We seem to do this every year---we take a look at the farm and ask ourselves, "What is the goal for this year!" Last year, our crazy selves thought that taking on the world would be fun. We were going to add u-pick flowers and berries, a market garden, meat birds, reintroduce pigs, and add sheep for the first time...WHAT WERE WE THINKING!

Truthfully, we could chock last year up as a failure if we wanted to, because so much of this didn't go the way we planned. The raspberries were planted on day 1 of a historic drought, the ones that did come out of dormancy never really did much. The black raspberries though, did quite well---of course, we ordered 400 raspberries and 25 black raspberries. Sheep were stressful, mostly because we could never really figure out a good rotation process, and really the pig situation was similar.

Meat birds were the big success story. We did really well with those. 200 chickens and 45 turkeys and while there are tweaks to be made to our system, the quality was right where we wanted it.

So, now that we dissected a whole year of our lives in two paragraphs, what does that mean for next year?



Well, after our meeting last night, here are the highlights:

  1. Do What We Do Better- We will be more efficient with our time. We now offer wholesale beef every other month--on even months. When we sell out, its a two-month wait, so get on the list early. Our process for feeding and watering meat birds will improve and get streamlined, and we will add sections of electric netting to our inventory so that we can more quickly move our animals in their rotations.

  2. Don't Add Anything- The market garden will wait another year, and instead we will continue to coat the field in healthy soil so that our efforts will be more focused and effective. It will also give us time to get the employment program for the store more established, which will help us get the help we need for a market garden. The learning curve when we add new stuff cripples our growth with our bread-and-butter operations, so for this year we add nothing and get better at everything.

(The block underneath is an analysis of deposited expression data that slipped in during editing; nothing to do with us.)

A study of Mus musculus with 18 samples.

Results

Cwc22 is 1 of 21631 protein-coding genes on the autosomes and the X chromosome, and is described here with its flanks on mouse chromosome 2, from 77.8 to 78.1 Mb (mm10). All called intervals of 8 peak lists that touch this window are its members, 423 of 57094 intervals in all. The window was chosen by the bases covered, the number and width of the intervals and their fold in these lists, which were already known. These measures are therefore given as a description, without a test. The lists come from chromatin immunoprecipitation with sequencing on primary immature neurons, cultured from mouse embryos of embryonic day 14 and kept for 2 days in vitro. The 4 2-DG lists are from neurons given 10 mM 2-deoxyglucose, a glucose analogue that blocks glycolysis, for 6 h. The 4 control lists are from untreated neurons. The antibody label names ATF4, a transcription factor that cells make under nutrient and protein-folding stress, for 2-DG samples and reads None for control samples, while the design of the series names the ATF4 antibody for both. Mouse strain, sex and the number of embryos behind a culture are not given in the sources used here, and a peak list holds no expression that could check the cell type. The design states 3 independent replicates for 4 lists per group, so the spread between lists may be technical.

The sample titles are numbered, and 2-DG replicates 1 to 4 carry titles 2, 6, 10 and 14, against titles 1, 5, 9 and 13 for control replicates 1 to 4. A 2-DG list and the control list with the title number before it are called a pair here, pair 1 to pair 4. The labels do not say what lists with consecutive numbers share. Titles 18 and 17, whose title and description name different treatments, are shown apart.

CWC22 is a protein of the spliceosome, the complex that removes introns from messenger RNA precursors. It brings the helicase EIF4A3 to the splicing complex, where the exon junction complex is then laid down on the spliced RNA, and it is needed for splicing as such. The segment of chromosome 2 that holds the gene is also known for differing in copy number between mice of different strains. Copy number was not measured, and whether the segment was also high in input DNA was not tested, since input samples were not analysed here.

3. Infrastructure- We have now owned the property for nearly 3 years and have started to see the way our workflow happens start to steady itself out. That means that we can now semi-confidently start to throw roots down a little deeper. The challenge to this point was that permanence in any form meant barriers to change. Now that we have seen things calm down a bit, we can begin to codify it. This means new permanent fences, solid paths, a barn or two in the ground, and more repeatable processes.

  4. Enjoy The Process- Last year we were hellbent on making a big step forward, and I think we did. but it came at a cost. This year, we will make incremental forward progress and enjoy the journey---a concept Dawn and I don't handle well. For our kids, for ourselves, for the quality of our product, and ultimately for you the customer, our year will be one that is less drive and more ride!

A year from now we'll see where we end up, but today I am confident that the farm will "look" similar in a year, but the the results will improve significantly.

Happy New Year to you and your family from everyone at Broken Yoke Ranch. Thanks for reading, thanks for following, and thanks for supporting what we do. We hope to see you here at some point this year!